Disclosing the most intimate details about yourself, from the humorous and heartwarming to the obnoxious and downright despicable, is never easy. But sometimes going down that path is exactly what brings artists closer to their audiences.
After two marvelous (and very funny) novels — 2007’s Selfish & Perverse and 2011’s Remembrance of Things I Forgot — gay comedian and writer Bob Smith returns to the memoir territory of his first two books with Treehab: Tales From My Natural Wildlife (University of Wisconsin Press, 2016). Smith, who was diagnosed with ALS, is one of the wisest of all wisecrackers, weaving jokes in and out of the fabric of his sentences, deftly navigating subjects such as fatherhood (he has a son and a daughter with lesbian comedian Elvira Kurt and her wife Chloë), his dog Bozzie, his love of Alaska, exploring nature with his partner and best friends, childhood hobbies and interests and, ultimately, his life with ALS. Through it all, Smith never fails to make us laugh, even amid the tears.
Coming Out (Wolfe), the full-length film debut by documentary filmmaker Alden Peters, makes use of that media-infused process to propel his very personal tale. Spurred by Tyler Clementi’s suicide in 2010, Peters embarks on a coming out journey that proves to be full of love, lessons and surprises. The fact that those around him — including his mother, stepfather, father, older brother and younger sister and brother, as well as his circle of straight friends — are more accepting of Peters sexuality than he is, proves to be powerfully revealing.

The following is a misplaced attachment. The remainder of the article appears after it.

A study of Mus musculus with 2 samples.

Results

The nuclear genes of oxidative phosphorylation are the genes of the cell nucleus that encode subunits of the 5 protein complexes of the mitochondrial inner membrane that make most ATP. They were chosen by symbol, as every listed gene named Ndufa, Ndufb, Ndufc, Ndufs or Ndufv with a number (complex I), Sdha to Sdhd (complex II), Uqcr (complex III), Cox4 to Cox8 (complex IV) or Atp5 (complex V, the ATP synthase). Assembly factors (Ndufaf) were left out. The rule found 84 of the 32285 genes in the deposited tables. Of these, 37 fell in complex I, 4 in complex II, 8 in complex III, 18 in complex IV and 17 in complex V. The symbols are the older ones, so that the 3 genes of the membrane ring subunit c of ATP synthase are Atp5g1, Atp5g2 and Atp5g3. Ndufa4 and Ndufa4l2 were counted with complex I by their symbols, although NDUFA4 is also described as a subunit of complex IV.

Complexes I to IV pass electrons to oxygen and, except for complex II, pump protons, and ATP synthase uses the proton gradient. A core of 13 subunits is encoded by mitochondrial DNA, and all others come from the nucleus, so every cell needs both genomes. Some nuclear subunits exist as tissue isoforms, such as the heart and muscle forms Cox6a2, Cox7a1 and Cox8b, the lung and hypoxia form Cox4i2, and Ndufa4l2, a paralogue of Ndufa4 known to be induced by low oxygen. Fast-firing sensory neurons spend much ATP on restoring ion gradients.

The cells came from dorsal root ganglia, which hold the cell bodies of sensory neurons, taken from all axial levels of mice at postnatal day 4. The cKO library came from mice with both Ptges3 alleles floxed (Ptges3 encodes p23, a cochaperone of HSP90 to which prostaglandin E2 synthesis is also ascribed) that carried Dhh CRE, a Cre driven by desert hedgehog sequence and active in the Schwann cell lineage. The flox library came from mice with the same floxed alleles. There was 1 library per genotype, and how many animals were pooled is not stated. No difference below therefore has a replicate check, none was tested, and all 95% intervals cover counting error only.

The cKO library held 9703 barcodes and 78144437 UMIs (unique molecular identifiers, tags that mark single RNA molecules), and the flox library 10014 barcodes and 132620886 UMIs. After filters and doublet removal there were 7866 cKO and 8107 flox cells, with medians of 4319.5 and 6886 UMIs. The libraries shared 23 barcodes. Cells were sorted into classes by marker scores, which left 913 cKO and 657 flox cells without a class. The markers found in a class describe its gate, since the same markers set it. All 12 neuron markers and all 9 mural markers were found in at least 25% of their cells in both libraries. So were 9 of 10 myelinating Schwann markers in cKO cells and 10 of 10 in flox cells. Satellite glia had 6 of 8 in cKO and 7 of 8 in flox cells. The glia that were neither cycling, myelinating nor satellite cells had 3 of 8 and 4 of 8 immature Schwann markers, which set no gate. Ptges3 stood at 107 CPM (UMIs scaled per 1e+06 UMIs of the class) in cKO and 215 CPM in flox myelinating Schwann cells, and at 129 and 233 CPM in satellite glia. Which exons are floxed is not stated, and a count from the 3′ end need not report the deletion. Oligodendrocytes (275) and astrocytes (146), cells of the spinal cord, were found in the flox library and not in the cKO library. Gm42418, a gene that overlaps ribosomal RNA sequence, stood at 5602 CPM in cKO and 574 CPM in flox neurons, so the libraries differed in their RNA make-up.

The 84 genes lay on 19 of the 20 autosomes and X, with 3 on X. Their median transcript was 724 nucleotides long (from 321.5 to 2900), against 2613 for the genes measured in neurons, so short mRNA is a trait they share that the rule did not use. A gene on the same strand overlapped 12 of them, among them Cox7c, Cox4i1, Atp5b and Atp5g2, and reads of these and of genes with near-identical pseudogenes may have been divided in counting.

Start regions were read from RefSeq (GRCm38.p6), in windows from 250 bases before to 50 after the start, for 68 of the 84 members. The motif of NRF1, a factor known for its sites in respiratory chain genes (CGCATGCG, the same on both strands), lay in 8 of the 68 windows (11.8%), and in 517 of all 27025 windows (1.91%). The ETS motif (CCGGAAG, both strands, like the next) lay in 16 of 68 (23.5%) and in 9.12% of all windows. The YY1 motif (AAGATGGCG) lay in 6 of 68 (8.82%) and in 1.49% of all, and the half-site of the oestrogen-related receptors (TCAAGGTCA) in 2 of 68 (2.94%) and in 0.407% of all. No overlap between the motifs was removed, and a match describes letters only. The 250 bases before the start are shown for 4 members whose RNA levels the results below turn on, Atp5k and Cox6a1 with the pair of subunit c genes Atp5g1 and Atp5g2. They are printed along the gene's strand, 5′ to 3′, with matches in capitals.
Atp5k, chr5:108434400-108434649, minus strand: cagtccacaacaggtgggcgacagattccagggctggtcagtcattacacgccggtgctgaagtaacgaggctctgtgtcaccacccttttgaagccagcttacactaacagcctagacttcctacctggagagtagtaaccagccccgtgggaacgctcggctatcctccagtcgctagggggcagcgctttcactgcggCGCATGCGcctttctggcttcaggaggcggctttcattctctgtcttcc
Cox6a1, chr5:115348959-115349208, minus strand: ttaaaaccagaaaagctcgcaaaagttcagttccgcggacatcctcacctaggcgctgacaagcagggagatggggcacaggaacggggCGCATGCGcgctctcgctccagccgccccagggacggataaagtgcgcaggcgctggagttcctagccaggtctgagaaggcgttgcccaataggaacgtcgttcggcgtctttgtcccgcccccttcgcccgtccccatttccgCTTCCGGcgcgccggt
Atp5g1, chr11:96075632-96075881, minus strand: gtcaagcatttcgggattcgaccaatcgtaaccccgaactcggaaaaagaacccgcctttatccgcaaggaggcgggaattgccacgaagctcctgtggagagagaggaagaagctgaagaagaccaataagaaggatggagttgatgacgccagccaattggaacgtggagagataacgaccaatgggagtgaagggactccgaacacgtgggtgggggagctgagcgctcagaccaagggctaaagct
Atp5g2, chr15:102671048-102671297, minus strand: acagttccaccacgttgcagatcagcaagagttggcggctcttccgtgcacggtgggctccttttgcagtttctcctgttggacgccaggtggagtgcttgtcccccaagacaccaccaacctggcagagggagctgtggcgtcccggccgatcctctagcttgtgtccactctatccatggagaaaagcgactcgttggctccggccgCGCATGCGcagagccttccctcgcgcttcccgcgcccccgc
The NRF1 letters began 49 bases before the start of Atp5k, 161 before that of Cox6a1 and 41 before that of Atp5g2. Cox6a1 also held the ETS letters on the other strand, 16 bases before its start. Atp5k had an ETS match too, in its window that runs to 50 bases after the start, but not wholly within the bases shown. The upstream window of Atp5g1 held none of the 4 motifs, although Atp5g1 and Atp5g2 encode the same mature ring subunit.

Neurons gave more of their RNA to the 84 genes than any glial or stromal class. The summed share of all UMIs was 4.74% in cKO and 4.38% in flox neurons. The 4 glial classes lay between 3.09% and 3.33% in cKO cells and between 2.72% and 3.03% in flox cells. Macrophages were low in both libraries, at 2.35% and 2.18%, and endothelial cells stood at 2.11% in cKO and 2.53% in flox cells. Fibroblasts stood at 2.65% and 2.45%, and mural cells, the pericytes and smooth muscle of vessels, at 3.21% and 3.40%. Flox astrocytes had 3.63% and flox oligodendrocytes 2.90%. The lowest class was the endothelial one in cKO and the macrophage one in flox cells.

The film incorporates a variety of old and new footage, as well as interviews with out YouTube personality Kayla Kearney, trans activist Janet Mock, psychology professor Ritch Savin-Williams and sociologist Greg Hinckley.
Independent gay singer-songwriter Tom Goss continues his musical and personal evolution from clean-shaven corduroys-and-flip-flop-wearing gay folkie to sexy, scruffy, spiky haired queer rocker on his new album What Doesn’t Break (tomgossmusic.net). Goss hinted at this transition on 2014’s Wait, and he delivers. From the Skrillex-like synths on the youthful indiscretion confession of “Thirteen” and the adult language in the revenge-rocker “Someone Else” through the retro arena rock of “In For It” and the dance club destined “Long Way Back Home,” this new release offers a distinctly different sound.
As a nod to his devoted listenership, Goss sticks to his roots on “Mama,” “Forbidden” and “More Than Temporary,” with raw emotion. Of course, the artist also knows that a good part of his appeal is visual, so he gives his fans plenty to look at in the album jacket.